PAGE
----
The Australian consumer watchdog is taking the company that markets Nurofen to court for allegedly making misleading claims about the pain-killing product.
The company that markets Nurofen faces legal action over claims it has misled consumers about the popular painkiller.
The Australian Competition and Consumer Commission alleges that Reckitt Benckiser's Nurofen Specific Pain Products are identical despite claiming on their packaging to treat different kinds of pain, such as migraines and tension headaches.
"The ACCC alleges that these representations were false or misleading because the caplets in all four Nurofen Specific Pain Products are identical and each contain the same active ingredient, ibuprofen lysine 342mg," the ACCC said in a statement on Thursday.
"All four products are also approved on the Australian Register of Therapeutic Goods as being suitable for treating a wide variety of pain types."
The ACCC says the company made the claims on product packets and its website.
ACCC chairman Rod Sims said the products in question were being sold at a higher price than the company's standard ibuprofen pain killer.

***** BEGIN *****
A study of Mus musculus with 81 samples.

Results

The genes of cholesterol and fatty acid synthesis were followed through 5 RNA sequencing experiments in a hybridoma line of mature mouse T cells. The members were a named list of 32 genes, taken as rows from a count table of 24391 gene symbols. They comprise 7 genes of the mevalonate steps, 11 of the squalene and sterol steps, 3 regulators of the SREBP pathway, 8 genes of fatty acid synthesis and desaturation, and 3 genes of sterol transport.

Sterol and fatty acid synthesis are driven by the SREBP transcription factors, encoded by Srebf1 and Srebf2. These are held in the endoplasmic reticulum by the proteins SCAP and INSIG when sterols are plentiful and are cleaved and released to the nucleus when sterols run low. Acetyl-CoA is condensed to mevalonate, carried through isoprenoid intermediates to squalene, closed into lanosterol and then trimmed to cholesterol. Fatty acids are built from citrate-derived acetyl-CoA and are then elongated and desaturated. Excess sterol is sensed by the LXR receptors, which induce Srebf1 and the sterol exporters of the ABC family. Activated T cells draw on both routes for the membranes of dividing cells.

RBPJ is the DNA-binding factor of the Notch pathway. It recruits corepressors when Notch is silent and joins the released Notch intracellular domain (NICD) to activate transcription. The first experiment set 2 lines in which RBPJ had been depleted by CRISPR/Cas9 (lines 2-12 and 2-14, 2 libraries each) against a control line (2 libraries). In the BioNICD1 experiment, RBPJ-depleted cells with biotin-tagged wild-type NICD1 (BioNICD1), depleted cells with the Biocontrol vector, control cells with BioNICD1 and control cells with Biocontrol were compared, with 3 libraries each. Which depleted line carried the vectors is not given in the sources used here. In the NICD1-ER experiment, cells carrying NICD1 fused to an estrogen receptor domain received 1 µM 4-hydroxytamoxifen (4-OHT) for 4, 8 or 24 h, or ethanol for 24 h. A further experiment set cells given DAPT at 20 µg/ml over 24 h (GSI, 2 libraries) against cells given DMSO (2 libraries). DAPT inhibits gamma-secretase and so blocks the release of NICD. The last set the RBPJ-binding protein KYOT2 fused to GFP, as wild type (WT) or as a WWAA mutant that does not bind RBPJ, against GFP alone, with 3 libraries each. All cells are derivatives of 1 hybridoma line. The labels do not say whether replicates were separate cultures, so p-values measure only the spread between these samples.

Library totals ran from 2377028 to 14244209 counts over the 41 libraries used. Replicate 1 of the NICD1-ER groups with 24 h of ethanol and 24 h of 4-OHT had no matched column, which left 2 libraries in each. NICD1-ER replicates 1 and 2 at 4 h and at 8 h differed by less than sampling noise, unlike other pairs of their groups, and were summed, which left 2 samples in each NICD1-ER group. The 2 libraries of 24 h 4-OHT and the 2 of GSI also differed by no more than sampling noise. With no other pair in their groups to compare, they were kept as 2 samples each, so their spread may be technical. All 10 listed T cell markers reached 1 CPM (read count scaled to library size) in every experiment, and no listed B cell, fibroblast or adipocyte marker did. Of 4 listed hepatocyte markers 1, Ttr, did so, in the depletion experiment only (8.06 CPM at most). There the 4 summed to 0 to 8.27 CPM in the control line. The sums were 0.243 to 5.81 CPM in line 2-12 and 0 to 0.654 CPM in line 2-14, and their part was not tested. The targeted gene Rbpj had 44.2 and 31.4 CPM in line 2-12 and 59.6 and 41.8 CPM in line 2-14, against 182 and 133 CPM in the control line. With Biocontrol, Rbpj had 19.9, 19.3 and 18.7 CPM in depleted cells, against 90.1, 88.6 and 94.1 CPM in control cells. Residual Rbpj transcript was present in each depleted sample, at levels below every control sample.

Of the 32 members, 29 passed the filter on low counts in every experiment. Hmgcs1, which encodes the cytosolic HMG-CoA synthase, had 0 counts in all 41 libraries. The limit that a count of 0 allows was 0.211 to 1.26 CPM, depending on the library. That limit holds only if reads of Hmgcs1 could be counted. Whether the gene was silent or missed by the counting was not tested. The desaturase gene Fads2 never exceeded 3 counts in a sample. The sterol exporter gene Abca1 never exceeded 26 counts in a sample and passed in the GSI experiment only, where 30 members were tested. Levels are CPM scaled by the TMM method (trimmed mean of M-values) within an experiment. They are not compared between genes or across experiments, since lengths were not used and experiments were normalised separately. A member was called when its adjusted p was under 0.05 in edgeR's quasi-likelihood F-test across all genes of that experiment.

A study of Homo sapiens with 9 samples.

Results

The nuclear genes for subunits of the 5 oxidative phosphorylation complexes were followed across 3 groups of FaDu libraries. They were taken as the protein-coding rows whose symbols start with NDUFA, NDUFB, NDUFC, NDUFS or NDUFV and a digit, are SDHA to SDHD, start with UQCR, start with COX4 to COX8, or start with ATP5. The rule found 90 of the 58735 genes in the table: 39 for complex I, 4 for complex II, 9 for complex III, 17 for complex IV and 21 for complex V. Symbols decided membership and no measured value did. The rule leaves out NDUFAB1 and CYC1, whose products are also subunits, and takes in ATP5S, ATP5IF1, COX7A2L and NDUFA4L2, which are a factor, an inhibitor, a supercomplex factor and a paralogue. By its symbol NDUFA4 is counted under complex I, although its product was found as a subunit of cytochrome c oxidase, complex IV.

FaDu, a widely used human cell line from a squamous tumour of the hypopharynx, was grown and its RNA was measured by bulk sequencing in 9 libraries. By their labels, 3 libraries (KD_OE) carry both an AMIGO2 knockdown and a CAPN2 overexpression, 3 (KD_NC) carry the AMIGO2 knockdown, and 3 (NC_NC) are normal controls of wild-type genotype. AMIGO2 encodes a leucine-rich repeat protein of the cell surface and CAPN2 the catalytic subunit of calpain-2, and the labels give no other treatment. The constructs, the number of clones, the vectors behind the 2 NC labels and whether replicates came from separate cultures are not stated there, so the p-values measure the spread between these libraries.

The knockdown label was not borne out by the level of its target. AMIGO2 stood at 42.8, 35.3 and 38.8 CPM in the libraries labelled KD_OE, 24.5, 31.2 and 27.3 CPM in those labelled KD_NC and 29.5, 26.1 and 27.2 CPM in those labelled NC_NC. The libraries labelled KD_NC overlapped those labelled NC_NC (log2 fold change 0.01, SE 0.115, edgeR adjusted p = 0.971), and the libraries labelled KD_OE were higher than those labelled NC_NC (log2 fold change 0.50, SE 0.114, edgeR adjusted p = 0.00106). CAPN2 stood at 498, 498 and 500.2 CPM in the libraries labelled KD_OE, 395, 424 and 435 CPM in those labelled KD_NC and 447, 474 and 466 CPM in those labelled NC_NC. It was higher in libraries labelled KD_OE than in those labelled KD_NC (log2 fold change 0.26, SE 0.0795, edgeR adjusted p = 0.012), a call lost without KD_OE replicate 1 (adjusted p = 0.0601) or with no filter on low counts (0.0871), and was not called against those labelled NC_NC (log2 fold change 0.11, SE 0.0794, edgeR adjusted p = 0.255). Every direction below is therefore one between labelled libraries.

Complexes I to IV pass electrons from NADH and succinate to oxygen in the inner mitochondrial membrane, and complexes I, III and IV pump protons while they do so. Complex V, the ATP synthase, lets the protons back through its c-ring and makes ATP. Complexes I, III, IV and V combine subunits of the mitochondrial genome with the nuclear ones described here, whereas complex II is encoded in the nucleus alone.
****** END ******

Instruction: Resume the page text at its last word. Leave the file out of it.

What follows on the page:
The ACCC is seeking declarations, injunctions, an order for the publication of corrective notices, penalties and costs.
The matter is listed for March 31 in the Federal Court in Sydney.
In a statement, Nurofen said it was aware of the ACCC's concerns about its pain-specific packaging.
"Nurofen disputes any allegation of contravention of consumer law in relation to its pain-specific packaging," the company said.
"All Nurofen packs are approved by the Therapeutic Goods Administration (TGA) and comply with TGA's regulatory guidelines."
Nurofen said it would keep working with regulators to "ensure its packaging continues to be fully aligned with all guidelines and requirements."
Consumer group Choice welcomed the ACCC's decision to take court action.
"Whether the pills claim to target your back or a tension headache they'll certainly target your hip pocket, costing up to twice as much as standard Nurofen," Choice spokesman Tom Godfrey said in a statement.
"It's clear the drug companies have been cashing in on your pain by tempting you to pay a premium for targeted pain pills."
He urged consumers to look carefully at packets of pain killers before purchase.
"200mg of ibuprofen is 200mg of ibuprofen," he said.